By Amanda Evans, Coastal Environments, Inc.
Imagine trying to put together a jigsaw puzzle, but you only have a handful of pieces. You don’t know how many pieces you need to complete the puzzle. You don’t know what shape the puzzle is supposed to be, and you have no idea what the final picture will look like. In fact, you’re not quite sure the pieces you have are all from the same puzzle.
Archaeologists study how people lived in the past. They do that by finding and examining the things that people in the past made. These artifacts, everything from stone tools to pyramids, are like the pieces of a jigsaw puzzle. With enough pieces, we can see the overall picture. Sometimes, the more pieces we find, the more we realize the picture isn’t what we thought it was at first. And sometimes, we find a piece that suggests there’s a whole other puzzle we know nothing about. Yet.
This project is starting from a handful of puzzle pieces that tell us that people were living along the northwestern Gulf of Mexico and coastal Texas and Louisiana as early as 13,000 years ago. Archaeologists refer to these early people as Paleoindians. We know they hunted and gathered food and moved around frequently. We also know that sea level was lower then than it is today, so there was more land available for these early people. We don’t think they used a lot of coastal resources, like oysters, shells, or saltwater fish, but maybe that’s because we haven’t been looking in the right places. The shoreline, bays, and estuaries where people could have fished or collected food are now underwater. Sea level rise caused by the melting of the glaciers at the end of the last glacial period drowned the land that people lived on thousands of years ago.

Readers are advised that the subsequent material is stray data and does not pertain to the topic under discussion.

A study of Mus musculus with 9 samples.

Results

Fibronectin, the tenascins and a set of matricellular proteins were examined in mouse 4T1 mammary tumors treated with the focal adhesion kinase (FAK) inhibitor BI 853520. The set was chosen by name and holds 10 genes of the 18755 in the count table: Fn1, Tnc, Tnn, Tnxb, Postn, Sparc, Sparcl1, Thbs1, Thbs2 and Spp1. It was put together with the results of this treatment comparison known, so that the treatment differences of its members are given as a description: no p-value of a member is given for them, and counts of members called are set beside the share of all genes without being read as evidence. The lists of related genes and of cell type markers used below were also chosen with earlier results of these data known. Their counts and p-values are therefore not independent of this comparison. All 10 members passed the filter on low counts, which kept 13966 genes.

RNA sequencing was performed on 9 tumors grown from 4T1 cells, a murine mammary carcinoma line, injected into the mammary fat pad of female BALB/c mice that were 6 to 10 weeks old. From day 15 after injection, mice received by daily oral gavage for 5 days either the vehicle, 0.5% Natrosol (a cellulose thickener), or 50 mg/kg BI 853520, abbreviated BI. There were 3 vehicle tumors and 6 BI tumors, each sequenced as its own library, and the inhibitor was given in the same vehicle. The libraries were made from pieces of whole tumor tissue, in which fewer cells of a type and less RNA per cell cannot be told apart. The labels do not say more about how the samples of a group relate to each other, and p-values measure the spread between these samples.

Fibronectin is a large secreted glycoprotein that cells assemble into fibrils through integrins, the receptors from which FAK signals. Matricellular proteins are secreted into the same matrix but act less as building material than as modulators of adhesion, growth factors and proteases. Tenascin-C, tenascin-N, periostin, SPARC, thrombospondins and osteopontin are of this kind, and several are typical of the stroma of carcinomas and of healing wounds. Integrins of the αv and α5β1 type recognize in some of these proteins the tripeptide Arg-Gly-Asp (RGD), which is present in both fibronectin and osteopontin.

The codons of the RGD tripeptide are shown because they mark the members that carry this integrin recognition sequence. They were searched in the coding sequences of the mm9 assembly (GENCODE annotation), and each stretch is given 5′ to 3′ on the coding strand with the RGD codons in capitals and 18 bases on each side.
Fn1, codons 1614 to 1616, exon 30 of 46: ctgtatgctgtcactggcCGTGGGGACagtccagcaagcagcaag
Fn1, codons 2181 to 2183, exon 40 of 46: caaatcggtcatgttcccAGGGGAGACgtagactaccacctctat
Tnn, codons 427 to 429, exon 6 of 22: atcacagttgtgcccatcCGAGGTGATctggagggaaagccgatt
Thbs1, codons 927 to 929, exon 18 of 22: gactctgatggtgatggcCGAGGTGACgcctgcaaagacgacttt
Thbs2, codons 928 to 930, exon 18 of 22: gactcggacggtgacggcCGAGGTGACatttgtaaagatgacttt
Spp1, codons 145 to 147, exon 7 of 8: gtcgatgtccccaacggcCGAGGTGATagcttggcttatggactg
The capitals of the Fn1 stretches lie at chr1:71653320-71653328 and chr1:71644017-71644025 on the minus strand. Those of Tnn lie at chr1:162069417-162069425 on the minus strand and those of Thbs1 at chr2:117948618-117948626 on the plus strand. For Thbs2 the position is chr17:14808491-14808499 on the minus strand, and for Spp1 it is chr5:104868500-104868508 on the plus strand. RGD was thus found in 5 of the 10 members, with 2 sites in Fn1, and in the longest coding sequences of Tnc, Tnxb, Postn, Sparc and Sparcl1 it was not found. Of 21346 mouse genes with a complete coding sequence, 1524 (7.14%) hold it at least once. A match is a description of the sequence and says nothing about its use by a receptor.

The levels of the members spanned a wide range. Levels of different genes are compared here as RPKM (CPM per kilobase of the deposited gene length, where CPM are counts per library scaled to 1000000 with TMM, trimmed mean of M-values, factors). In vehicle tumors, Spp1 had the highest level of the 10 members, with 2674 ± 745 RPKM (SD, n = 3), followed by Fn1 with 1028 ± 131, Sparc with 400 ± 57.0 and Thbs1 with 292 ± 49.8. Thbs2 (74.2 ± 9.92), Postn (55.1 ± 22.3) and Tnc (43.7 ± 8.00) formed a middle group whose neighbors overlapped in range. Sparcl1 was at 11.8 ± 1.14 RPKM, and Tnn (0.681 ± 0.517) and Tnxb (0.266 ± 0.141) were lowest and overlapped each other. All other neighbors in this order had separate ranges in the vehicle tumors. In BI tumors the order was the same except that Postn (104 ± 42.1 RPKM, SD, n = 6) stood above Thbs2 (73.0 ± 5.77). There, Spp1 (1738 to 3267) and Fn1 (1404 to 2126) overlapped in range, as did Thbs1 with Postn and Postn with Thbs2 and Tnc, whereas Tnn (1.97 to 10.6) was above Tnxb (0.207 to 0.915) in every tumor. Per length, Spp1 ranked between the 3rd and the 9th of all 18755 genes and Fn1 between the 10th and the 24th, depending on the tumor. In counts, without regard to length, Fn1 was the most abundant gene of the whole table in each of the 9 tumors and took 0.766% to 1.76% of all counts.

Our project is not the first to consider that archaeological sites may be buried and underwater on the continental shelf. Previous research in the 1970s, 1980s, and 2000s has identified what to look for and the best methods to use when looking for sites. In fact, 106 sediment cores have been collected specifically for archaeology offshore of Texas and Louisiana. It sounds like a lot but remember that we’re looking at over 40 million acres of seafloor. On land, archaeologists start searching an area by digging shovel tests. The cores give us similar information, but the 106 cores already collected cover the same surface area as only 11 shovel tests. If we want to figure out the shape of this puzzle, we desperately need to find more pieces.
Our objective is to add more information to this overwhelming puzzle. There aren’t enough pieces to let us ask questions about past human behavior yet. First, we have to explore uncharted parts of the landscape. Like the naturalists and scientists of the past, we have to map what was there, and collect samples that tell what that place was like. If we build a better picture of what life would have been like, we can start to ask questions about the people that would have been there.